THE SONIC BOOMER
I needed to hire a sales clerk for my antiques shop in North Florida recently, and, once again, this task was made easy for me by the applicants themselves. I’d like to say it was because of the stunning number of qualified hopefuls, but in fact it was just the opposite.
The field was narrowed sharply to four the moment I tossed out all inappropriate (or downright ridiculous) applications — or those brought in by people who had obviously never heard the saying, “You never get a second chance to make a good first impression.”
For instance, dirty jeans, a ripped T-shirt and flip-flops are probably not the best fashion choice when you are trying to show someone that you would like to represent them at their place of business.
I would also suggest that you try not to breathe alcohol on them when you lean in, asking to borrow a pen. Or how about this? Bring a pen with you! I think we could agree that a pen is the one thing you will definitely need in order to fill out a job application.
If you’ve spent time in jail for possession of cocaine, at least learn to spell the phrase.
I have an optional question on the application — “Do you smoke?” — and the most intriguing answer I got was “only socially.” What does that mean? And what are you smoking?
I had several applicants that I felt truly sorry for, but one in particular stood out. He came in with his wife pushing a baby in a stroller.
“We’re here to apply for the job!” she announced.
“All of you?” I asked, looking at the baby.
“No, just him.” She gave him a shove toward the counter. I handed him a blank application, but she grabbed it before he could blink, then began rummaging in her purse for a pen. “Here, take this.” I was happy that together they had a pen, but still…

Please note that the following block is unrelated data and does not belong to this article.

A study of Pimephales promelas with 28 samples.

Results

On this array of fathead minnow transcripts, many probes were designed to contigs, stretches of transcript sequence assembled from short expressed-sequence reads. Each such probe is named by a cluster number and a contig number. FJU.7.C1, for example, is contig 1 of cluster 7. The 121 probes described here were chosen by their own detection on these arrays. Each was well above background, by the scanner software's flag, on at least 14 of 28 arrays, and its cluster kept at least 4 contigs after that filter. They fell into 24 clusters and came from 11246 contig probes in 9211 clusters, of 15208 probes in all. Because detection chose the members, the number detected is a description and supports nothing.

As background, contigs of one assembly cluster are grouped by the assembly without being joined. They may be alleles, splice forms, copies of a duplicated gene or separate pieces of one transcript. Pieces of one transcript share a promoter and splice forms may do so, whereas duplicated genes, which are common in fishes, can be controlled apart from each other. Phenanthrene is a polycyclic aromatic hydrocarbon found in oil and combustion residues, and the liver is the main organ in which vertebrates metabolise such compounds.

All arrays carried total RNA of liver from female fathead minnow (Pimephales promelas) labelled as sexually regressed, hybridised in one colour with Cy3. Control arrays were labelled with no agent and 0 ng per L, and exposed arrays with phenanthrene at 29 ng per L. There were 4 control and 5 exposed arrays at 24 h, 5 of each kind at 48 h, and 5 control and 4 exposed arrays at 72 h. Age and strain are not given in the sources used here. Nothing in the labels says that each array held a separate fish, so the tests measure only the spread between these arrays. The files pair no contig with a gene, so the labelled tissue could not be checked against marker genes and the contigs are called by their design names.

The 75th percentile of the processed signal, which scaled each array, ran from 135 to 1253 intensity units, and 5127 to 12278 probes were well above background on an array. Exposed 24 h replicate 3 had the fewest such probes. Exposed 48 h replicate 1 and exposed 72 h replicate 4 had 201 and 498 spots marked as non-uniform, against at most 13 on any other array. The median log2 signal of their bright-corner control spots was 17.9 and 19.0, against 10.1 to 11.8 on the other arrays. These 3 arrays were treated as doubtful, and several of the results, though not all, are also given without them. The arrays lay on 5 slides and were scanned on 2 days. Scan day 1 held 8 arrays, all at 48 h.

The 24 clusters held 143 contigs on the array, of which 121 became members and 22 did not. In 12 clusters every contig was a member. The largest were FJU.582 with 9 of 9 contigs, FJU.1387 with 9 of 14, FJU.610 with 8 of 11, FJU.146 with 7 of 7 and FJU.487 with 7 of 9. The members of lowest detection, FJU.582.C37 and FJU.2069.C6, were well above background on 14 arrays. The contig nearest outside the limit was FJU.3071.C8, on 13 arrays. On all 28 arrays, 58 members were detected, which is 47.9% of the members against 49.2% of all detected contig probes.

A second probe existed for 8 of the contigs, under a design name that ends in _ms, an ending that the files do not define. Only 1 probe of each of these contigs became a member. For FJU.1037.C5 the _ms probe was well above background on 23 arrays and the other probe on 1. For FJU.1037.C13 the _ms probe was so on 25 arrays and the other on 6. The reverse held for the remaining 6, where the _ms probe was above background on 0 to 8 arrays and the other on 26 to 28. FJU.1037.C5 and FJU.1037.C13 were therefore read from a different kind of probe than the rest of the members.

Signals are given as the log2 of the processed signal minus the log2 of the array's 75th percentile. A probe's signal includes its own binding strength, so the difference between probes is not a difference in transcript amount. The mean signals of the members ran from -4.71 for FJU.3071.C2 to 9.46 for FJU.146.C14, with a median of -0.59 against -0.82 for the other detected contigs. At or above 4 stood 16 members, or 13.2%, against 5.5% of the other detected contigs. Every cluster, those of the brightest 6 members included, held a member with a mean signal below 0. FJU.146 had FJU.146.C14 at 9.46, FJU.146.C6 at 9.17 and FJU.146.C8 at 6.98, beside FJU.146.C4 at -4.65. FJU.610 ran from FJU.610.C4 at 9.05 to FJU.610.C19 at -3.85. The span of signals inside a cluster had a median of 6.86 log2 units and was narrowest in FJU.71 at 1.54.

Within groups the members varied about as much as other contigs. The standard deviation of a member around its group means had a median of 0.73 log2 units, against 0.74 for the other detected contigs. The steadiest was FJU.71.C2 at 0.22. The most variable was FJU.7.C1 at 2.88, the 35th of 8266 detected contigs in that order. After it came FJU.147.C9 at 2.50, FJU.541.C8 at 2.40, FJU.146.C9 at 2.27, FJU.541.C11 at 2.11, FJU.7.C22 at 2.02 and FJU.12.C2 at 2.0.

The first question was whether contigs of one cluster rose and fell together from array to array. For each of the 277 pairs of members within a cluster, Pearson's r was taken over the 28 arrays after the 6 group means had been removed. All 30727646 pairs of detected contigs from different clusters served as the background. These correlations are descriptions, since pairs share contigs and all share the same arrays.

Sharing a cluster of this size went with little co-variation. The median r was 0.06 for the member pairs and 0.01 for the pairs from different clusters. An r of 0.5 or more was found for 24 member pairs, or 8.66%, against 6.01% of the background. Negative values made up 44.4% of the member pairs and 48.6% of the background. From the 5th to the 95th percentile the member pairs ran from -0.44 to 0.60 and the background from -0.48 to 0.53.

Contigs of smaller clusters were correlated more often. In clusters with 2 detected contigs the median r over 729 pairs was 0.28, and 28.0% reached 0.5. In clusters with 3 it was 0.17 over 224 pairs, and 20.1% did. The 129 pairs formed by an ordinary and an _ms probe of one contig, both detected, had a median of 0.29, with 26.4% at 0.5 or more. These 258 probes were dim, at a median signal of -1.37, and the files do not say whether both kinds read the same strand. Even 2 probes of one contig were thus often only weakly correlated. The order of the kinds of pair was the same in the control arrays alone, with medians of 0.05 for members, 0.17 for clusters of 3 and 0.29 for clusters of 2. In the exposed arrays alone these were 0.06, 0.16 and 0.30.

Next followed a scene so uncomfortable I had to leave the area. She stood there and told this poor slob what to write on each and every line. That completed, she allowed him to hand the paper to me, and wandered off as he did so, but I could feel her circling back behind me during the interview process.
Feeling that as much as a raised voice might cause him to flee (or burst into tears), I tried to be gentle as I asked, “Is there a reason you needed help filling this out?”
“It’s just because my penmanship is so bad,” he mumbled.
I looked at the paper. It was the printing of a third-grader, but it was neat. “This isn’t bad. I can read this,” I said.
We talked a bit about his previous employment, and then I said: “I’m going to keep this on file, but let me give you a heads-up. It would help if you filled out job applications on your own. A boss needs to know that you can handle something like that by yourself.”
He nodded, but, behind me, I heard the control freak huff out. She knew she — I mean he — hadn’t gotten the job.
In the end, I found what I was looking for — a reliable, honest, experienced clerk who would be a real asset to the store.
I just had to kiss a lot of toads to find her.